The first stage of delivery of expanded psychological therapies in primary care for people with long-term conditions such as diabetes or chronic obstructive pulmonary disease (COPD) has been announced by NHS England.
NHS England has awarded more than £11 million in 2016/17 and some £24 million in 2017/18 to fund 30 clinical commissioning groups to improve mental health care for patients with long-term conditions through 22 different psychological therapies schemes. They are expected to start seeing patients beginning within the next three months. This to kick start the commitment to fund an extra 3,000 mental health therapists in GP practices.
Many people with anxiety disorders or depression also have a long-term condition like diabetes or COPD. A pilot showed that treating people’s physical and mental health problems in an integrated way can lead to better outcomes improving both people’s mental health and their management of their long-term condition.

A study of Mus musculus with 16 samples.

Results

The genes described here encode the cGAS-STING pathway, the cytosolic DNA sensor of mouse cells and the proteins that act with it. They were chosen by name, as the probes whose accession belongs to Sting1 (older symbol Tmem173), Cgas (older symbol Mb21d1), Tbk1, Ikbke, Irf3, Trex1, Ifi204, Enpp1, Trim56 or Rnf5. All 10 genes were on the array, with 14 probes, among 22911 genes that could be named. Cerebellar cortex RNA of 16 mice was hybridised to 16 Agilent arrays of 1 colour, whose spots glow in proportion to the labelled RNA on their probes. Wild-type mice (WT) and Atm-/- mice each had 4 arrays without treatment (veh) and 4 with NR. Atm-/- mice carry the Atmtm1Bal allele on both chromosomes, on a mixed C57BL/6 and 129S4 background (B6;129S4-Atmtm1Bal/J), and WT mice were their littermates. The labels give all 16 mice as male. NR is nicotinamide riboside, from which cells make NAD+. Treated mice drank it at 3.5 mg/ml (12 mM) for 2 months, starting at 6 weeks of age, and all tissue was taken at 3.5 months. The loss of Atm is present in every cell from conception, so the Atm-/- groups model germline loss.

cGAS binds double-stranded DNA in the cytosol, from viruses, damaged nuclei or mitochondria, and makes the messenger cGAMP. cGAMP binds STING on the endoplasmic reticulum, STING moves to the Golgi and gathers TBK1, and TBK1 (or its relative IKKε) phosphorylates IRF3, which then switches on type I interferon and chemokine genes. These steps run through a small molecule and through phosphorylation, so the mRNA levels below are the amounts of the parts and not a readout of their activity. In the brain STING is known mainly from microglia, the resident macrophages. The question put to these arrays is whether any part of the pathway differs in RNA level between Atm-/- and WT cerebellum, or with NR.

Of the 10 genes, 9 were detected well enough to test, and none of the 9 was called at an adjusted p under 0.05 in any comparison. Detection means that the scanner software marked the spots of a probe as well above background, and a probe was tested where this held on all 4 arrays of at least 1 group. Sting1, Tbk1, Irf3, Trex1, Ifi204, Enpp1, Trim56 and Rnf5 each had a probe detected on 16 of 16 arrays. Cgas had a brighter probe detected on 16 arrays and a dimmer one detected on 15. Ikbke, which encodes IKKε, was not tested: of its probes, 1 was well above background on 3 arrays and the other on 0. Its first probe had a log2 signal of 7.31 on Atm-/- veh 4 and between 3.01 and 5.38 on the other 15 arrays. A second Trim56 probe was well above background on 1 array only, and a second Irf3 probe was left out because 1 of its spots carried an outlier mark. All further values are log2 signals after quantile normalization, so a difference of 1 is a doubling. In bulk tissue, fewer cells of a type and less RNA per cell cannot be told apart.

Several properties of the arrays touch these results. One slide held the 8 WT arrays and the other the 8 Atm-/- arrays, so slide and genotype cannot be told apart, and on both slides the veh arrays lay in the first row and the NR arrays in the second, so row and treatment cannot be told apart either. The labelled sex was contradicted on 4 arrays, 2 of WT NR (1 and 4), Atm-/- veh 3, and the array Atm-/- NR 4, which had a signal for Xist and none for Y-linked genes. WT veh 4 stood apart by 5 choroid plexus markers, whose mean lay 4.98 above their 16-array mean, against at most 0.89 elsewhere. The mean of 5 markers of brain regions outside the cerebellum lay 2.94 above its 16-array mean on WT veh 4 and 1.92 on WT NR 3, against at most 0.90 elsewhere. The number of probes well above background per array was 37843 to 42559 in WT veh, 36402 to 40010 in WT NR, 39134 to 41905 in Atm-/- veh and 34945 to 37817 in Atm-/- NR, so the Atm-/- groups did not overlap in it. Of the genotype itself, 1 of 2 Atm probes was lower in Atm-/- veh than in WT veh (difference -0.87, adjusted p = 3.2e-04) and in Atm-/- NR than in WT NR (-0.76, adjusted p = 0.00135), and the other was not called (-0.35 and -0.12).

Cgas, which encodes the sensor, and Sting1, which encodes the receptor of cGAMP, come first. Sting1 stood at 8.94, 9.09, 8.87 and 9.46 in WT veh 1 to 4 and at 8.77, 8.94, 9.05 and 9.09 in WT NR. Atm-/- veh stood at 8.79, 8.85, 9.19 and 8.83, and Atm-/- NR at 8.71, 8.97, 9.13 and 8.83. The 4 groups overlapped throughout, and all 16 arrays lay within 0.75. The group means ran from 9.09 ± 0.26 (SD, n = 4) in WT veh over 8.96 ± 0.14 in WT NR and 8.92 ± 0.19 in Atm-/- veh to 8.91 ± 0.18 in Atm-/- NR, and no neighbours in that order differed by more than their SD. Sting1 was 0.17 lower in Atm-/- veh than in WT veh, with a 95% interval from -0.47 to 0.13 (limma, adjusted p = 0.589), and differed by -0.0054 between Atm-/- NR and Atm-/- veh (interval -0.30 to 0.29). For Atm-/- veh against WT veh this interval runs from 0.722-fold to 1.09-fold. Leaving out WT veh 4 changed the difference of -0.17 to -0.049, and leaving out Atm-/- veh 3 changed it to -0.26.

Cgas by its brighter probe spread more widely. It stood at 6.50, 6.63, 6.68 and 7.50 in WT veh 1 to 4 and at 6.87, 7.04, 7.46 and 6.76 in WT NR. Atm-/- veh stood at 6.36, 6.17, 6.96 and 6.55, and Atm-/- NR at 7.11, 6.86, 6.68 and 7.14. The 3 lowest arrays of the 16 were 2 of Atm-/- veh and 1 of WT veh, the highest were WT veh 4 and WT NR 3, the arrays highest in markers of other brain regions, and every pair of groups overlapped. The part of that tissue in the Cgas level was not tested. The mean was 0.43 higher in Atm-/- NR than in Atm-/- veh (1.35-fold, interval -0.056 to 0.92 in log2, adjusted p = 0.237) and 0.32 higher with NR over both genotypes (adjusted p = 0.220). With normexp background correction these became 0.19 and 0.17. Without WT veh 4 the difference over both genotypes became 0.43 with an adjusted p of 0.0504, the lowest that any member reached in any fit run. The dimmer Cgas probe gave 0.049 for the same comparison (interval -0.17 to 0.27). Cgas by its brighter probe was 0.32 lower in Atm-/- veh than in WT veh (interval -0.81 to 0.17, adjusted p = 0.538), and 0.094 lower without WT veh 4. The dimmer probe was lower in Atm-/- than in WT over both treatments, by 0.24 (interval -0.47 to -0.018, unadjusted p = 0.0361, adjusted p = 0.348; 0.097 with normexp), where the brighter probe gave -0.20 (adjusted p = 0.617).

The initial focus will be on long-term conditions where the evidence of impact is strongest: diabetes, respiratory disease and cardiovascular disease. Some will help people with cancer, and medically unexplained symptoms such as chronic pain and chronic fatigue syndrome.
Simon Stevens, chief executive of NHS England, said: “The NHS needs strong primary care services, and… we're taking further practical action to provide GPs with modern surgeries to work from, expanded staff to offer their patients a wider range of mental health care. We meant it when we said GP services are the bedrock of the NHS, and we're backing that commitment with concrete action to deliver the GP Forward View."
Earlier this month, NHS England also announced that in January 2017, a nationwide, £19.5 million NHS GP Health service will be introduced to improve access to mental health support for GPs and trainee GPs.